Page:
By John Basher
Supercross blends artificiality and reality by matching a
death-defying circus-like show and true-to-life racing. It is a
shot of adrenaline, aided by maniacal fans thirsting for action.
In essence, Supercross has the makings of being the perfect
American pastime. Just imagine if dirt bikes had preceded
baseball. Babe Ruth would have played second fiddle to the
likes of adrenaline-junkie gear heads from a foregone era.
Too bad Edward Butler’s invention of the internal combustion
engine didn’t come 100 years sooner. Abner Doubleday might
have been laughed out of Cooperstown, and the shifting tide
of U.S. culture would have been forever changed.
“THERE’S A BURGEONING
THAT’S CREATING UNPRECEDENTED
GROWTH IN SUPERCROSS
VIEWERSHIP. CRASHES, IT
SEEMS, ARE A SMALL PART OF A
MUCH BIGGER ENTERTAINMENT
There’s a reason why Supercross continues to blossom
through economic hardships and a change in the status quo.
At one time considered a novel concept with participation by
an elite few, Supercross is growing up. As much is proven
by a sound television package, Internet traction and word of
mouth. Perhaps word of social media is a more accurate
assertion. It doesn’t seem long ago that Supercross made
national news only through sensational footage, as in a “Did
you see that?” kind of way. While crashes will always appeal
to our voyeuristic traits, racing is the central reason for the
sport’s success. As a result, there’s a burgeoning powersports-centric audience that’s creating unprecedented growth
in Supercross viewership. Crashes, it seems, are a small part
of a much bigger entertainment package.
Supercross caters to 16- to 30-year-old males. This
group is the demographics for big business. They are
impressionable, financially capable and haven’t yet galvanized
their loyalty to certain brands. In other words, the average
Supercross fan could be persuaded and drive off a Toyota lot
while drinking their favorite flavor of Monster Energy. For this
reason, mainstream sponsors such as Dodge, Toyota, Geico
and Der Wienerschnitzel have poured marketing dollars into
the sport. Supercross is a cash cow for business enterprises,
because the target demographic is spot-on.
Mike Goodwin invented modern Supercross, but many have
taken the Supercross platform and run with it. You remember PACE, SRO, AIR, MTEG, SFX, Jam Sports, Clear Channel
and Live Nation, don’t you? Leave it to Feld Entertainment,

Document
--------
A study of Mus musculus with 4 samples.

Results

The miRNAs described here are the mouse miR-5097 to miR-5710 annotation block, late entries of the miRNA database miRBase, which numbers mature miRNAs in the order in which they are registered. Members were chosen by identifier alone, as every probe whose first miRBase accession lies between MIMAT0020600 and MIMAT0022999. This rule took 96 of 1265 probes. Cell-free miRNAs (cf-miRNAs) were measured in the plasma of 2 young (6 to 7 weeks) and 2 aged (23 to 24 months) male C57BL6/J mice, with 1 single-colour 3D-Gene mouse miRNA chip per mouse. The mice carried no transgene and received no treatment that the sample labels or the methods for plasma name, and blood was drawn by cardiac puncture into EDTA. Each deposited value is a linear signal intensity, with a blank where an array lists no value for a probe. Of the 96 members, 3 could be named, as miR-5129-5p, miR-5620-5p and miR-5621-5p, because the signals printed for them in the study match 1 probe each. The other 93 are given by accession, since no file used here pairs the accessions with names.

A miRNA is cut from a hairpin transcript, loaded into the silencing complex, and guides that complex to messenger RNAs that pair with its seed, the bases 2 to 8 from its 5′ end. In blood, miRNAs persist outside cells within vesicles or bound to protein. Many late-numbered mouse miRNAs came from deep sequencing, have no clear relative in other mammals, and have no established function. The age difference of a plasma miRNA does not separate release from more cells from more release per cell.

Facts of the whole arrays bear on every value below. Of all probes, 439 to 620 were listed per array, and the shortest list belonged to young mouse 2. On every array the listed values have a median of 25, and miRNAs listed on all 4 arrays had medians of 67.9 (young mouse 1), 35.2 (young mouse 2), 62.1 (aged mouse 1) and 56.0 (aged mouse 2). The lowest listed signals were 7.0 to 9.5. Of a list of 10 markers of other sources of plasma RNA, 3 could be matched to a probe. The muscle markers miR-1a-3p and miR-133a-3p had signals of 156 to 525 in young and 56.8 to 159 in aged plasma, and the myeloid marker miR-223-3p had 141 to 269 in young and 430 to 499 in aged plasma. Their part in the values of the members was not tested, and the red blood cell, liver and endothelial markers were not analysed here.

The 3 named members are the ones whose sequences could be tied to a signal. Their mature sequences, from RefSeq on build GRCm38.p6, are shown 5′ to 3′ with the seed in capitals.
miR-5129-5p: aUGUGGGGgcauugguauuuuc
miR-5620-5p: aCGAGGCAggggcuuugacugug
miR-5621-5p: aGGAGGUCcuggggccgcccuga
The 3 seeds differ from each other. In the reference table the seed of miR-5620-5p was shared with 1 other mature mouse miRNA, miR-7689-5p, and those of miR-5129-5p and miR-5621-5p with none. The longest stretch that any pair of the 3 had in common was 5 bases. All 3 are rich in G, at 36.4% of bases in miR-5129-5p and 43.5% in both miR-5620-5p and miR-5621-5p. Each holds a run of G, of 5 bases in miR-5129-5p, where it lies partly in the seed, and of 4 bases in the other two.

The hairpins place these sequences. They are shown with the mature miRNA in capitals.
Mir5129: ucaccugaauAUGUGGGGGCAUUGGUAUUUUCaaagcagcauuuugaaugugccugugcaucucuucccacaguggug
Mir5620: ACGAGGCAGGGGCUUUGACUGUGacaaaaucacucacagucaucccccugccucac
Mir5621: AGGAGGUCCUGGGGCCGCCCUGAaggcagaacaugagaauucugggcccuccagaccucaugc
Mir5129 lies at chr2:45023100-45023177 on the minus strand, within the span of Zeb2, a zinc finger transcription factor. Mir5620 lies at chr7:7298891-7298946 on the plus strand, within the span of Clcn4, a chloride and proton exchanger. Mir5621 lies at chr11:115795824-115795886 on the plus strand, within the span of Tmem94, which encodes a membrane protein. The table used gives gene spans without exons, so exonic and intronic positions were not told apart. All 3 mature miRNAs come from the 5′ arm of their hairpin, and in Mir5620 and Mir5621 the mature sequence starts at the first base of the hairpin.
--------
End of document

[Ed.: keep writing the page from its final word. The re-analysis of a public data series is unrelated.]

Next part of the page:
a live-show production company with roots in circus
management, to take the sport to new heights. Granted, the
series already had a proven track record before Feld acquired
the rights to Supercross from Live Nation in September of
2008. From racing inside state-of-the-art football and baseball
stadiums in major cities across the U.S. to manufacturer and
fan support, it was a home run (or a touchdown, depending
on the stadium). Feld focused on improving the television
package, building a live-streaming platform, attracting
endemic media and creating buzz. In 2015 the series visited
the Big Apple (okay, I admit that East Rutherford is in New
Jersey), and this year New England finally hosts a Supercross
after decades of neglect.
All is not perfect, though. For starters, it would be nice if
Feld Motor Sports allowed race teams to promote themselves
by selling merchandise. According to one team owner, sales
from T-shirts and other wares could be $15,000 per race.
That amounts to well over $200,000—income that could
be reinvested into their racing program. Affording teams the
chance to recoup expenses would generate long-term
sustainability and continued growth.
Other valued changes include the need for sizable
family-friendly seating areas inside the stadium. Such an idea
was lost on me before I had kids. Post-rug rats, I realize that
taking the wife and children to a Supercross race shouldn’t be
about hooliganism and having beer thrown on your 6-year-old.
Young children should be free to enjoy the races; screening
the riffraff out of a family-dedicated seating area is a must-do.
On the racing front, it’s advisable for the organizing body
to have the 250 evening program mirror the 450 class.
The inclusion of 250 semi races would add excitement and
drop the sideshow stigma that is unnecessarily cast over the
250 class. Don’t believe for a second that Feld Motor Sports
doesn’t have the time to include two additional semi races in
the evening program. They can easily shorten the halftime
entertainment, because no one cares about fans racing
around the stadium floor on foot while holding handlebars.
Folks pay good money to see racing, not amateur hour. As
for the viewing experience; although we all love fireworks,
there have been many instances where the smoke hung in
the air like a thick London fog.
Supercross has never been better, but that doesn’t mean
the promoters should rest on their laurels. Now is the time to
reach a broader audience and take the sport to new heights.
Feld has the opportunity to seize millions of eyes. I, for one,
am rooting for the powers that be to grow Supercross into a
sport recognized by many. Then, maybe the rest of the sport
will grow to the level it was in the 1970s when the industry
sold one million dirt bikes a year—now they sell less motocross bikes per annum that there are seats in a football
stadium. Hopefully, they can work together hand in hand.